Scenes from the Transition Zone
in
Salta Province, Argentina

All photos
by
Jim Reynolds


 
 
 
The narrow guage railway know as the "Tren a las Nubes" snakes its way up the Quebrada del Toro toward the Puna. The railway was remarkably well-constructed and has survived numerous floods, landslides, and rockfalls. In addition to tourism the railroad still hauls freight to San Antonio de los Cobres, the principal town on the Puna salteña.

 
Most people visit the Puna via the Tren a las Nubes which climbs the Quebrada del Toro to San Antonio de los Cobres. Our group traveled by the Sumaj Kay "vista cruiser" allowing us the opportunity to stop along the way and photograph the spectacular scenery.

 
 
The sparse vegetation of the Quebrada del Toro is a dramatic transition from the savanna and rain forest environments seen in eastern and northern Salta Province. Salta and Jujuy provinces are truly a land of transitions. Numerous geological and ecological systems are found within a relatively small area. Most are readily accessible by vehicle.

 
A typical vista on the Puna near the Salar del Niño Muerto near San Antonio de los Cobres. The Puna/Altiplano is the world's second largest continental plateau, after the Tibetan Plateau. Mean Puna basin elevations exceed   3400 m. This is the only part of Argentina where the indigenous population still constitutes a majority.

 
Numerous Neogene and Quaternary volcanoes dot the Puna. Llama herds are abundant and vicuñas and chinchillas are also common.

 
The Río Calchaquí cuts through folded Neogene strata near Angastaco in southwestern Salta Province. The Puna, Cordillera Oriental, and northern Sierras Pampeanas all converge in this region along the western margin of the Cretaceous Salta Rift. Rocks of the middle-late Miocene Payogastilla Group comprise the exposures in the middle distance.

 
The middle Miocene Palo Pintado Formation, near Angastaco, was a dynamic fluvial environment that recorded the uplift and volcanic history of the western part of the Transition Zone.

 

Uplift of the Sierra de Quilmes (background) deformed the strata of the Neogene Payogastilla Group in the Valles Calchaquíes near Angastaco. The Sierra de Quilmes is the northernmost range of the Sierras Pampeanas. Chronostratigraphic data suggest that it began to rise in Pliocene time.

 
Strongly deformed, low-grade metamorphic rocks of the Eocene Lumbrera Formation record the Neogene Andean uplift along the Río Escoipe in the Cordillera Oriental. The road climbs to the Cuesta del Obispo which has an elevation over 11,000'.

 
The road across the Cuesta del Obispo provides magnificent views of the Cordillera Oriental. This photo was taken near the Valle Encantado overlook.

 
A massive landslide threatens several ranches and the road along the Río Escoipe in the Cordillera Oriental. The slide, seen from the Cuesta del Obispo, will probably be activitated during the next major earthquake. Most of this region has been seismically quiescent during the last two centuries. Tremors were much more frequent when the area was first colonized by the Spanish.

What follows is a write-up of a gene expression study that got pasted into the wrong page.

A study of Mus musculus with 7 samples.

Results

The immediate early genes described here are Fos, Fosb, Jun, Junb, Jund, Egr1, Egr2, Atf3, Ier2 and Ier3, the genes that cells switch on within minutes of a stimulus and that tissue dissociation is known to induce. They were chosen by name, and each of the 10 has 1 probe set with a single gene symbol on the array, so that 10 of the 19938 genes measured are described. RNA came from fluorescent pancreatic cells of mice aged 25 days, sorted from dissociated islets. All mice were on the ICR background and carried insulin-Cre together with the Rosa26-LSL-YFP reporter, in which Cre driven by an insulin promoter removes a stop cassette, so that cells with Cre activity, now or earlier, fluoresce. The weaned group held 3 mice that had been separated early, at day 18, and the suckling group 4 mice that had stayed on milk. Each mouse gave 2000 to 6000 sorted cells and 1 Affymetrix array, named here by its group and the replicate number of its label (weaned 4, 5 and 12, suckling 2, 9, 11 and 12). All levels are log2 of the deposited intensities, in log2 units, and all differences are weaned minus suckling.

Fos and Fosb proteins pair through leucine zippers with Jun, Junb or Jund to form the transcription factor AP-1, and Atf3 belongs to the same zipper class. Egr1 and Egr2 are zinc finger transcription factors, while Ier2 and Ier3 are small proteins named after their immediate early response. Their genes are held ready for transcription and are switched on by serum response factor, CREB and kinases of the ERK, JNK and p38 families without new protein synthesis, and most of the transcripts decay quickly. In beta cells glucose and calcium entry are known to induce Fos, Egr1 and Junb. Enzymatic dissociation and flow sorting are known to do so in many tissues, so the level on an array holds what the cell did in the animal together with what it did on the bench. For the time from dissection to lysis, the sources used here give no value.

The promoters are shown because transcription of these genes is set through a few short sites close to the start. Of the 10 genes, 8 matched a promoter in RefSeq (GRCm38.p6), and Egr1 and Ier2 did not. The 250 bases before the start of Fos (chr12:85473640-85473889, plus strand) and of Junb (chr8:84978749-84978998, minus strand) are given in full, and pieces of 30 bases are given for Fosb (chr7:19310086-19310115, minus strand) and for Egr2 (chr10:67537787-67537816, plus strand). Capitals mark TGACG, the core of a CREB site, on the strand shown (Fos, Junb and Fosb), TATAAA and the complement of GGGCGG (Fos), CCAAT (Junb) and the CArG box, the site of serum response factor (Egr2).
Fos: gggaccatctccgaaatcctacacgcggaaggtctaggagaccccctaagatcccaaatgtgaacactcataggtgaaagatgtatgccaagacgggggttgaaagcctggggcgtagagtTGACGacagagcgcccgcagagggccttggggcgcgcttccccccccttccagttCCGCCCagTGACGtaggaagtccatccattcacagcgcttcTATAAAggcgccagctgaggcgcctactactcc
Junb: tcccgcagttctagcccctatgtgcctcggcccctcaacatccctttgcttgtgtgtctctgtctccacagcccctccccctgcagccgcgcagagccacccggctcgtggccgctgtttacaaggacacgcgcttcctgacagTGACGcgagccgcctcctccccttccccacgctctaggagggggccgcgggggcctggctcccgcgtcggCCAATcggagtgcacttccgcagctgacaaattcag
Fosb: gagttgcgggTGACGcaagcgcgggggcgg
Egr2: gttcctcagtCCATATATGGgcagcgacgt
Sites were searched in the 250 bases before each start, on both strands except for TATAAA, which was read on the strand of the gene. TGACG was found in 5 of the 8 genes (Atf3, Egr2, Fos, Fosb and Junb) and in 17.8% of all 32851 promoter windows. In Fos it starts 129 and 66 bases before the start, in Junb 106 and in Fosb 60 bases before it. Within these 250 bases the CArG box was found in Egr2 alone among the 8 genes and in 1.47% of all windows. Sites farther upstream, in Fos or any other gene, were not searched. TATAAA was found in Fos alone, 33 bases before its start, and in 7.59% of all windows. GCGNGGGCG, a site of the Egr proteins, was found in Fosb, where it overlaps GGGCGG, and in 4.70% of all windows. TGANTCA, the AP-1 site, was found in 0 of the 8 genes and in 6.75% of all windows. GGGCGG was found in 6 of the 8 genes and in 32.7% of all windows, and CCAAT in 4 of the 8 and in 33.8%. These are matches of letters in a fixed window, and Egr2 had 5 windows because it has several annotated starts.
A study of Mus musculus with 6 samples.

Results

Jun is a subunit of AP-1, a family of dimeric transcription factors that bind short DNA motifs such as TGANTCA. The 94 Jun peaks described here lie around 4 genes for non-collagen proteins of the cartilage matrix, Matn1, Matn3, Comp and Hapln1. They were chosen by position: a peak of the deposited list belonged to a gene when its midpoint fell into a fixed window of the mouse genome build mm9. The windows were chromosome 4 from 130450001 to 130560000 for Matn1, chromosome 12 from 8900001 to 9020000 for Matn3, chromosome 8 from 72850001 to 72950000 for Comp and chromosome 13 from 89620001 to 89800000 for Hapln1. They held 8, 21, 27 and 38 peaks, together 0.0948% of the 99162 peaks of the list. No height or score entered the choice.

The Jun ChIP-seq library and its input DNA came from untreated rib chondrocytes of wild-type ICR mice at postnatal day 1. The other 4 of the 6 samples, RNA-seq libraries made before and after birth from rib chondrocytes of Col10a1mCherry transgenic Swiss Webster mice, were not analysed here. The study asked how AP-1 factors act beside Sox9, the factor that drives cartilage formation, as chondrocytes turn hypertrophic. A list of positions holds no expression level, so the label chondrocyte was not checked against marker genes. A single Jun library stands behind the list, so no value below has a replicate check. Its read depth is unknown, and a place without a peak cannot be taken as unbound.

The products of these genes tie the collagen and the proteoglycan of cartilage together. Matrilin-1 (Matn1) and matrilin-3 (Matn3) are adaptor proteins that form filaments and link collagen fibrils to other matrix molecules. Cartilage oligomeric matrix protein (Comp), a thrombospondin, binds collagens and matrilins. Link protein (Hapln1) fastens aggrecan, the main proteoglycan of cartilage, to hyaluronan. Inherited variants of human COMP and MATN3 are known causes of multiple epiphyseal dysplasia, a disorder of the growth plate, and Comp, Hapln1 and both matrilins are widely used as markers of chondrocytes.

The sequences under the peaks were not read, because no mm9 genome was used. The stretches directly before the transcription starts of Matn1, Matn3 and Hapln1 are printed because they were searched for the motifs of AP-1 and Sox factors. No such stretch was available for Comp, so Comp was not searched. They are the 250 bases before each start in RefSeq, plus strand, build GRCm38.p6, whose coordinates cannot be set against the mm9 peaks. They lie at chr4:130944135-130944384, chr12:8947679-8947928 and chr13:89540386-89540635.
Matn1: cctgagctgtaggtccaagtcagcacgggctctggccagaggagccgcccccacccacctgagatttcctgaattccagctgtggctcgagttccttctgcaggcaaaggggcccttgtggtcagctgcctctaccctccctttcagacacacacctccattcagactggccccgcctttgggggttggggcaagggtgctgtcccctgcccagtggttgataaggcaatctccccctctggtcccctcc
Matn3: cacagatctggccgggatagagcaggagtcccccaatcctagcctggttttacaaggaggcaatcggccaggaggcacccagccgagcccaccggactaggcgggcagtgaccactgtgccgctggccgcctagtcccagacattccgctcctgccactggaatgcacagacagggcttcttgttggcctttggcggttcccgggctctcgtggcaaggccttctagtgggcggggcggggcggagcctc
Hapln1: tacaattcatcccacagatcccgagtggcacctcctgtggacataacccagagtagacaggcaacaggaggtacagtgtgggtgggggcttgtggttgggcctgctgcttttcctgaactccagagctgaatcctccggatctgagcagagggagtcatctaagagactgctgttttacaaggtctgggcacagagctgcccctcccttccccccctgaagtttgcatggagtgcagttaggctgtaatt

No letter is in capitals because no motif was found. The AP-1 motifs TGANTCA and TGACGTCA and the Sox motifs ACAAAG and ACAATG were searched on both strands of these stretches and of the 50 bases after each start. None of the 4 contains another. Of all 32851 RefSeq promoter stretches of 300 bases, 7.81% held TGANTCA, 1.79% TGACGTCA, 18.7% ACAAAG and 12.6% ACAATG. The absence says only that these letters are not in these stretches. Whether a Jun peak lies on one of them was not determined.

Neogene strata are spectacularly exposed in the Quebrada de las Conchas between Salta and Cafayate. This vista point is known as "El Balcon" because of its balcony-like overview of the river canyon. The river drains the east side of the Puna and western Cordillera Oriental, as well as the northern Sierras Pampeanas.

 
Strata of the Cretaceous-Tertiary Salta Group are exposed in the Quebrada de las Conchas between Alemanía and Cafayate. The strata were deposited in the Salta Rift Basin. The light-colored Yacoraite Limestone is the source rock and reservoir rock for the hydrocarbon resources found in the rift basin.

 
Strata of the Upper Miocene Guanaco Formation crop out in the Río Yacones just north of the city of Salta. The Cordillera Oriental rises in the background. The strata exposed in the walls of the quebrada were deposited between 9-6 Ma.

 
Foreland basin strata from the Neogene Orán Group are deposited on top of the Cretaceous-Paleogene Salta Group. This photo shows the Upper Miocene Guanaco Formation exposed along the Río Piedras near the boundary between the Cordillera Oriental and the Sistema de Santa Bárbara in southern Salta Province.

 
The Río Metán drains the Sierra de Metán, the easternmost range of the Cordillera Oriental in the Transition Zone. Strata of the Salta and Orán Groups are exposed in the riverbanks.

 

The Río Iruya exits the Cordillera Oriental and flows through the low, jungle-covered ranges of the Sierras Subandinas. In 1897, a new sugar mill near the town of San Ramón de la Nueva Orán was nearly flooded by the river's rising water. The owners sent engineers upstream to a place near Isla de Cañas, where the river was just a couple of hundred meters from a tributary of the Río Pescado. They constructed a diversion channel to send excess Río Iruya water into the Río Pescado. In 1898, the plan was put to the test. It worked but with an unexpected result. The 110 m difference in elevation between the two drainage systems caused the Río Pescado to capture the Río Iruya! This has resulted in approximately 100 m of downcutting since 1898, providing spectacular exposure Miocene through Pleistocene foreland basin strata in the canyon walls. The strata are more than 7 km thick! The nick point of the river has now migrated more than 15 km upstream (red area on map). The sugar mill has never flooded and is still in operation.